Hinckley & Rugby Building Society loyalty bond beats the one year pensioner bond but only for existing members

31st March 2015 by Anna Bowes

Virgin Money has increased the interest rate on its Defined Access ISA/E-ISA and Defined Access Saver/E-Saver. The new interest rate is 1.41%, increased from 1.35% and existing account holders will benefit from the change, as well as those who open new accounts. The rate will drop to 0.75% if 4 or more withdrawals are made during the year and the lower rate will apply for the rest of that calendar year.

A surprise to see a provider increase an already competitive easy access rate, one which was top of the table following the withdrawal of Coventry Building Society’s account earlier in the week. Unfortunately, the ISA is less impressive with higher paying options from the likes of NS&I, the Post Office and Skipton Building Society (all 1.50%), without the withdrawal restrictions. The real positive news is that this change has been applied to existing account holders, who in the current climate need all the help they can get. Hopefully others will follow Virgin’s lead and make improvements to stimulate more competition in the market and get interest rates back up again, particularly amongst easy access accounts.

Virgin Money has also made improvements to some of its fixed rate ISAs. The 1 year fixed rate ISA is now paying 1.65% (previously 1.60%) and the 5 year fixed rate ISA is now 2.35% (previously 2.25%). Savers can choose between a branch/postal version and an online version and accounts can be opened with a minimum of £1. Transfers in of previous ISAs are accepted. Withdrawals are allowed from the ISAs, subject to a penalty of 60 days loss of interest for the 1 year ISA and 180 days loss of interest for the 5 year ISA.

So, Virgin seems to be providing most of the positive news this week and whilst these improvements are small, they are enough to make these accounts competitive. The 1 year fixed rate ISA joins Julian Hodge Bank at the top of the 1 year table, although with a much smaller opening balance requirement and the ability to make withdrawals subject to a penalty, this account is arguably more flexible. The 5 year fixed rate is competitive, sitting next in line after the State Bank of India (2.50%). Unfortunately it is perhaps a further indication of how underwhelming this ISA season is turning out to be, that we are heralding a change that is making a provider competitive rather than market leading.

Hinckley & Rugby Building Society has launched its 150th Anniversary Loyalty Bond paying 3%, fixed for 1 year. To open the account, you must have been a continuous member of the society since 30 November 2014. Accounts can be opened by post or in branch with a minimum of £500. The maximum investment is £5,000, although if opened in joint names, the maximum would be £10,000. Access to the funds is allowed on closure only, subject to 90 days’ loss of interest.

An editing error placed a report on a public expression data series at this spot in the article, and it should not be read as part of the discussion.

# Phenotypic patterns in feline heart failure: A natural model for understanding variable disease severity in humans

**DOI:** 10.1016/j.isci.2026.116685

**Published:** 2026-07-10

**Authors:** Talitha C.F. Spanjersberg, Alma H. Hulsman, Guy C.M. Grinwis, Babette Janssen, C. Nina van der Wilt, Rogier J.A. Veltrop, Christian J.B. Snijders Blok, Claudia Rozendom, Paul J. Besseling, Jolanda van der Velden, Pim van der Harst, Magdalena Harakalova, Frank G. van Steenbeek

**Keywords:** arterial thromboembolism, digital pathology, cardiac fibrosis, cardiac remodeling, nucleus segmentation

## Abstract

Is this the first challenge to the NS&I 65+ Bonds? The 1 year account is the first of its kind to actually beat the rate paid on the 1 year version of the 65+ Guaranteed Growth Bonds. However, only a select group of savers will be able to take advantage and even then only up to a relatively small maximum balance of £5,000 (£10,000 for joint accounts). Having said that, it is great to see loyalty rewarded by providers, saving top deals for existing customers rather than new customers and it could make a difference to the savings market if more providers did the same.

Charter Savings Bank has launched new notice accounts and made improvements to its 3 and 4 year fixed rate bonds. The new 30 day notice account is 1.40% and the new 60 day notice account is 1.55%. The 60 day notice account is particularly good as it matches the rate on two current best buys, which have longer notice periods of 90 and 95 days respectively.

The 3 year fixed rate bond is 2.20% (the previous version was 2%) and the 4 year bond is 2.35% (the previous version was 2.10%). Whilst the 3 year is not good enough to make the best buy tables, the 4 year makes it in.

The latest addition from the Challenger Banks has brought some much needed competition to the shorter term notice account market and fits nicely with the provider’s market leading 95 day notice account. When the provider launched, the longer term bonds were the weakest area of the provider’s range, so it is good to see improvements made, although hopefully even better rates will follow soon.

Skipton Building Society has launched new versions of its fixed rate accounts with the majority of rates increased for new accounts opened.

The fixed rate ISAs are now 1.55% for 1 year (the previous version was 1.45%), 1.75% for 2 years (previously 1.65%), 1.90% for 3 years (previously 1.80%) and 2.10% for 5 years (previously 1.90%). The 1 year is the most competitive, appearing in the best buy table. The 2 and 3 year ISAs sit just below the top 5 and the 5 year is some way off the pace.

Also launched were new Loyalty fixed rate ISAs for members of the society since 5th May 2014 paying 1.65% for 1 year, 1.85% for 2 years, 2% for 3 years and 2.20% for 5 years. The 1 year is equal to the market leading rate. The 2 year and 3 year ISAs are in the top 5 and the 5 year ISA doesn’t even make the top 5.

So whilst it is good to see improvements being made to ISAs in the lead up to the new tax year, the results are hardly earth shattering. In a similar move to other providers during this underwhelming ISA season, Skipton has simply done enough to make its fixed ISAs more competitive, rather than market leading.